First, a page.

Thor currently has an incredibly bizarre position in the Marvel Universe. After going through Ragnarok and disappearing altogether in 2004, he had a faked-out return during “Civil War” and eventually came back properly in 2007’s “Thor” #1, written by Straczynski. Since then, he hasn’t appeared outside his own title, and I kind of felt like maybe the relaunch had sort of gone under the radar.
Not so. In February 2008, “Thor” #6 was the number four best-selling comic in the industry. Wrap your noodle around that one. Number four. Beating “Ultimates” v3 #3 and Frank Millar’s “Batman.” Beating the debut of Millar and Hitch on “Fantastic Four”. Beating two of three Spider-Man: Brand New Day issues released that month. All of this, with the sixth issue of his title.
As you can imagine, despite my initial skepticism, it seemed like it was worth giving “Thor” a once-over.
And I have to admit. . . I’m impressed. Perhaps I had low expectations because most of the time, I don’t like Straczynski’s writing. Perhaps it’s just that I’ve got no specific interest in Thor. Perhaps it’s just Djurdjevic’s amazing artwork. Whatever the reason, this was easily the best issue of Thor that I’ve ever read.
The plot of Thor’s new title shows the titular Norse deity as he rebuilds Asgard following Ragnarok, recovering the fallen gods. He’s the current Lord of Asgard and until now has claimed that he can’t bring Odin back because Odin died before Ragnarok. In this issue, we learn that this is a lie – Thor just doesn’t want to bring Odin back. Conversing with Thor in a sort of mystical beyond-the-grave dream-time, Odin tells Thor why that is, relating the story of how he came to succeed his own father as Lord of Asgard in much the same way. It’s an excellent tale that actually threatens to make Odin a more interesting character than Thor.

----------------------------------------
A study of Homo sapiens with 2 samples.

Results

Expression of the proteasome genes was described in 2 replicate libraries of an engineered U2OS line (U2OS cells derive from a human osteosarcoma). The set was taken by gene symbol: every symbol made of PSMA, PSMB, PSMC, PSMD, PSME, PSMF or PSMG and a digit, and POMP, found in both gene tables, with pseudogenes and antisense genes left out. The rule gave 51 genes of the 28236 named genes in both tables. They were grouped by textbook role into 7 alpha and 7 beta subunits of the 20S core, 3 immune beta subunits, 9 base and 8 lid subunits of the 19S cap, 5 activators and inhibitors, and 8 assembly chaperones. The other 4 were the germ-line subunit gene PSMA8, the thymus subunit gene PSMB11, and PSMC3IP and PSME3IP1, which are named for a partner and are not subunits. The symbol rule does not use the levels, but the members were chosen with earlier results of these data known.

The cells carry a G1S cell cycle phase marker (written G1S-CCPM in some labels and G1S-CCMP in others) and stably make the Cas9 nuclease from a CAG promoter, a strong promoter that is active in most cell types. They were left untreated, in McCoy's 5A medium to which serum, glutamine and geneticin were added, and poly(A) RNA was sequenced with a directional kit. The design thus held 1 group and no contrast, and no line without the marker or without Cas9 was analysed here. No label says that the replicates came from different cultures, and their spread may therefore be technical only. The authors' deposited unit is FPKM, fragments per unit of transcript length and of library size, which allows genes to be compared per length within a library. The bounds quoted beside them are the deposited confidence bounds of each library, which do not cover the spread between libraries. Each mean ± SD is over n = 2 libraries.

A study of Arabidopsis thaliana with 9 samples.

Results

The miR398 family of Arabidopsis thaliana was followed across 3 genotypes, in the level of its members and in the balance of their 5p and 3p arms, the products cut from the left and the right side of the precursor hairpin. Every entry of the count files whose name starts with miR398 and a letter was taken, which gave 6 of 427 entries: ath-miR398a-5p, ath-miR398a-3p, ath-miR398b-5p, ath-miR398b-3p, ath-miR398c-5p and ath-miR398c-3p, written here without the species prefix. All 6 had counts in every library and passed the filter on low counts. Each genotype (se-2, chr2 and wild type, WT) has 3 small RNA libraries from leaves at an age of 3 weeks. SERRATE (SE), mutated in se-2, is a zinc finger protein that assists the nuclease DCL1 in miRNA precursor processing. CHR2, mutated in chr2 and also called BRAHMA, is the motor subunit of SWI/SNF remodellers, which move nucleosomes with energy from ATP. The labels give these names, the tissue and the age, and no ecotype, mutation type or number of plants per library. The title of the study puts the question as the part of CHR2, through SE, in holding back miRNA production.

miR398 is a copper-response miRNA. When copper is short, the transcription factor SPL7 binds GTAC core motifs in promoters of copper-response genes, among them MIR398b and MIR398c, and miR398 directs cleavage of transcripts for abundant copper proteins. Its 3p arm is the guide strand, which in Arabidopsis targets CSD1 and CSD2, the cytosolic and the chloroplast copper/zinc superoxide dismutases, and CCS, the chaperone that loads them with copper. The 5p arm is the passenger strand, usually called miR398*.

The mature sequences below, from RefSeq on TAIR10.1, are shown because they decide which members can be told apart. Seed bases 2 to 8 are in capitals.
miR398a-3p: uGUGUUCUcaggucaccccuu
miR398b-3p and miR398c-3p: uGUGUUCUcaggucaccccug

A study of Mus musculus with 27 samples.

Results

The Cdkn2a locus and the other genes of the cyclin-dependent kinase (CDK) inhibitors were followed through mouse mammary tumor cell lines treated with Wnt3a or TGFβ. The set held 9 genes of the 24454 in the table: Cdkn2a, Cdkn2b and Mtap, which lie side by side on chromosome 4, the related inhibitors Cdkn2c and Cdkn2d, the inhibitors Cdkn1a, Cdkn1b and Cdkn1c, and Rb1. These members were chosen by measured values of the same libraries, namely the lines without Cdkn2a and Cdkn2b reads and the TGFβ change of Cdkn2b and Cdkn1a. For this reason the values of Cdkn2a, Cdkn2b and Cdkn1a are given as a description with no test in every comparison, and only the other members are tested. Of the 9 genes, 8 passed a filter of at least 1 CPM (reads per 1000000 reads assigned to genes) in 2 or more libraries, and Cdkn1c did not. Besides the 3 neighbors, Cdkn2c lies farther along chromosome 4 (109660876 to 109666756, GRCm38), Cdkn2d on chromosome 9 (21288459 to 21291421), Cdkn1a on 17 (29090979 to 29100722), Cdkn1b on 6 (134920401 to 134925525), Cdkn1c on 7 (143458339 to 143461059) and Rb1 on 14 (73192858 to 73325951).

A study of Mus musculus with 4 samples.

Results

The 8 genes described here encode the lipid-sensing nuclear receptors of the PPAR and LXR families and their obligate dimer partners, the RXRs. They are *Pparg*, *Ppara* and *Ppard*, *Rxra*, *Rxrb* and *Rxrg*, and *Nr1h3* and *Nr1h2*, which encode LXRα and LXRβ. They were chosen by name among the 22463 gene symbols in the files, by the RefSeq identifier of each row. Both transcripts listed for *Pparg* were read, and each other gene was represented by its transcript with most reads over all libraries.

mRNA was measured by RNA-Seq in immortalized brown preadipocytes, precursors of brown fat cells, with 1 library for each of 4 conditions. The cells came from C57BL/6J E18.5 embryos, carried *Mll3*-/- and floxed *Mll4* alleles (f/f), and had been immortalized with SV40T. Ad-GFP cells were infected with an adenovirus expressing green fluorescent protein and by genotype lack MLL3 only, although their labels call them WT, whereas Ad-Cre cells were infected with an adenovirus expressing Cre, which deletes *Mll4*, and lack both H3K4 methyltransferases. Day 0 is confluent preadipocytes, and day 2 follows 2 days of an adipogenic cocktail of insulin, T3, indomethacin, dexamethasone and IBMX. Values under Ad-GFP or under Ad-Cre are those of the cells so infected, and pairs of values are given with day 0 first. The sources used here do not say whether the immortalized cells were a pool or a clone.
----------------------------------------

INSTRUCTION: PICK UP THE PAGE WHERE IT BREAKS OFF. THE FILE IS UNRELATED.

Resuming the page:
I don’t know how much of Straczynski’s Norse lore is made up and how much is Marvel’s (or Straczynski’s) take on the mythology, but Odin’s story is a fantastic use of the book’s unique position. Brian Wood’s “Northlanders” might be showing street-level Norsemen brilliantly, but Marvel has the more fantastic side fully stitched up. Djurdjevic’s interiors are stark, grimy and cold – exactly like you’d expect Asgard to look. It’s frankly criminal that he’s been churning out nothing but Daredevil covers for ages now.
There are some of JMS’ idiosyncrasies present that grate a little, but somehow I can forgive them. While I’m still unsure how interested I am in a “Thor” ongoing, this one issue has at least convinced me that I could easily enjoy it. I may well be back next issue.